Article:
Laura Sandys CBE, Honorary Doctor of Engineering
“I like to think of myself as a friendly disrupter”
Laura Sandys CBE set up and sold two consultancy companies while still in her early 20s before becoming an MP. An expert on the Iraq War, a champion for consumer rights, a journalist and an entrepreneur, she now consults and advises on a range of issues including food, energy and resources. She chairs the government’s Energy Digitalisation Taskforce and its Energy Systems Data Taskforce, as well as supporting researchers here at LSBU in their work on the digitalisation of surface engineering. She receives an honorary doctorate in engineering.
I was on track to go to university, then everything changed. I’d done my A-levels a year early and was waiting to resit the Oxbridge entrance exam when my father had a severe stroke. Suddenly, I had caring responsibilities – and I needed to bring some money into the house. I had no skills; I couldn’t even type. So I went to work as a motorcycle despatch rider.
Experience is important – but it can also be a trap. When I got tired of running around London on my bike, I decided I should find a job. I thought I’d pretend I was something called a PR consultant, in the hope that someone might employ me. In fact, what happened was that I ended up running a company and employing 20 people. We were all equally young and inexperienced, but I think that’s why it worked. If you don’t know what you don’t know, you don’t have any fear. That’s a powerful thing.
It was during my time at Which? that I first started to develop my political awareness. I was looking at consumer rights and all the ways in which companies are ripping off their customers. That’s a theme that’s run through my career ever since – trying to ensure that people have a voice and that that voice gets heard.
If I see something that’s not right, I’ll do whatever I can to try to make it better. That’s got me into some difficult situations. With my first PR company, we were asked to do some work on environmental issues for the Peruvian government. A lot of the damage to the rainforest is linked with the cocaine trade and that brought me to the attention of the terrorist group the Shining Path. Then when I set up my second company, we were asked to run a campaign to highlight human rights abuses in Iraq and I ended up on Saddam Hussein’s hit list. I’m pretty fatalistic – I just thought well, if someone really wants to get me they will. What mattered more was knowing that I hadn’t just stood back and done nothing in the face of these atrocities.
Becoming an MP was never in the plan. My father and my grandfather were both politicians and I’d sworn I’d never do it. Then after I’d finished my masters in international relations I was at a bit of a loose end. Someone suggested I stand and I just got swept along with the whole thing. In fact it turned out to be an amazing learning experience. In my constituency, South Thanet, the average wage was £16,500 a year. There were so many challenges – we had the highest number of children in care in the entire country, for example, and issues with poor housing, poor diets and poor health. I felt really inspired to try to move the dial and slice away at some of these big systemic problems. I’m also very proud of the fact that my colleague Paul Maynard and I were the first MPs to state that we were epileptic. We both felt it was really important to be open and to do what we could to take away some of the stigma that still surrounds the condition.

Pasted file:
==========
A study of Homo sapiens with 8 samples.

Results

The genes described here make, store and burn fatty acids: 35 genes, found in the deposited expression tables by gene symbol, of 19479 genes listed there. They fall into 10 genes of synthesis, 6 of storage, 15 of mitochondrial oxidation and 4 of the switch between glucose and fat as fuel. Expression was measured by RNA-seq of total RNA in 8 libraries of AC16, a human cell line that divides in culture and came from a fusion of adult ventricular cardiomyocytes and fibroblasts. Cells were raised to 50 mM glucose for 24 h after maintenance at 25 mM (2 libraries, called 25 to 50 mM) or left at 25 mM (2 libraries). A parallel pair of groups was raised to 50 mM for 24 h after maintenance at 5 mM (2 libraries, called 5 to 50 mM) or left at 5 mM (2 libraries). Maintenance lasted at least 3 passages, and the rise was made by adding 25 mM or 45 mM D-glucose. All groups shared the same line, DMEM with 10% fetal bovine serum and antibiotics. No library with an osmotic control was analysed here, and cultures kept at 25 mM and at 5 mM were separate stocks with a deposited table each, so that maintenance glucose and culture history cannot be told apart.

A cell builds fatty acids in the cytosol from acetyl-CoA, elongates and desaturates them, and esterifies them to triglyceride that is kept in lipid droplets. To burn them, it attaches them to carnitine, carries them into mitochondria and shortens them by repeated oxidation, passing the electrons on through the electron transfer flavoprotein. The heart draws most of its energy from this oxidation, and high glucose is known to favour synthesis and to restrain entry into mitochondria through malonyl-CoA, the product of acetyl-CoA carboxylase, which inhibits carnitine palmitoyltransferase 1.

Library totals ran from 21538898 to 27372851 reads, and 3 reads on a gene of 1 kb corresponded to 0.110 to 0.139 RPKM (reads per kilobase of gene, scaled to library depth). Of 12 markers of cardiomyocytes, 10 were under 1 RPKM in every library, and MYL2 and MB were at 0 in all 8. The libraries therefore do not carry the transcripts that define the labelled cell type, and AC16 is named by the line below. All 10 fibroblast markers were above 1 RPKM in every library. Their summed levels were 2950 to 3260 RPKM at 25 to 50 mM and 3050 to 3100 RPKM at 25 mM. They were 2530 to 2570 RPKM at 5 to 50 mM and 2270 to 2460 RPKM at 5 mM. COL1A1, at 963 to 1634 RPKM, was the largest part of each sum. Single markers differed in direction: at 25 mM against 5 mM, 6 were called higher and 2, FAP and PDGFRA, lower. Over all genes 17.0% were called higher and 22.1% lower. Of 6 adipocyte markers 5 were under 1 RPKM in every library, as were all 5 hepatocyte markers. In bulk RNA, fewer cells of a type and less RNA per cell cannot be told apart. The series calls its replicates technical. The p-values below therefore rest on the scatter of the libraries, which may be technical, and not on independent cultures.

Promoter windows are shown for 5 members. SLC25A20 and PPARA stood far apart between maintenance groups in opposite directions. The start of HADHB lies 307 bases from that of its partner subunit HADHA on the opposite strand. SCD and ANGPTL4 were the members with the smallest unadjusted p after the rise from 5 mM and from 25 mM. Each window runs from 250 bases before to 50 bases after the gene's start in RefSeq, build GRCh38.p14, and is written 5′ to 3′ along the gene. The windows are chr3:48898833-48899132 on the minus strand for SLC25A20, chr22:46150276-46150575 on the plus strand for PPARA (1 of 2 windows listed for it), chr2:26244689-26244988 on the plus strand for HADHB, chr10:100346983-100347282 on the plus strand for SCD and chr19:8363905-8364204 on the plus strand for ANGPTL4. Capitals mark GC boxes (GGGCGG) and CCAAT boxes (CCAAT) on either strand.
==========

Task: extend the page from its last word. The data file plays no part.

The Food Foundation came about because of a £1 cottage pie. There’s a lot of terrible food out there but for me that cottage pie symbolised everything that’s wrong with our food system. It’s why we had children coming to school in South Thanet obese and malnourished at the same time. It’s not about teaching people to cook, it’s not about taking sugar out of products – although that is a good thing – it’s about looking at the whole system. We’ve done a lot of work with Marcus Rashford on free school meals. We’re tracking and monitoring food insecurity. And we’re lobbying for an increased sugar tax and for increased transparency about what actually goes into our food.
It was my father that first made me aware of climate change. He had this idea of twinning coastal areas in the UK with islands in the south seas to bring home to people the impact of rising sea levels at a time when really no one was talking about it. Energy is a sector that I know about, so that seemed like a place where I had some levers and a chance of bringing about change.
I talk a lot about planning from the future. We need to completely rethink our energy systems to decarbonise, to embrace digitalisation and also to accommodate the democratisation that the introduction of electric vehicles, heat pumps, etc., will bring. To make that kind of change happen, you need to give people something to focus on, a vision of what the future could be. I like to think of myself as a friendly disrupter.
In my world, there are a lot of people that all look the same. That’s one of the reasons I set up POWERful women, along with Sandy Verma, who was Minister for Climate Change and Energy when I was an MP. We work with government officials to encourage them to challenge the energy companies and say, we’re not going to be in a meeting with you unless you’re bringing some kind of diversity with you.
I certainly don’t think of myself as a role model. When I was an MP I used to do a lot of talks in schools and the first thing I always said was, don’t do what I’ve done. I’ve had a crazy life, really. I think what I am good at though is encouraging people, helping them to see opportunities and have the confidence to take them – and not to forget to have fun on the way.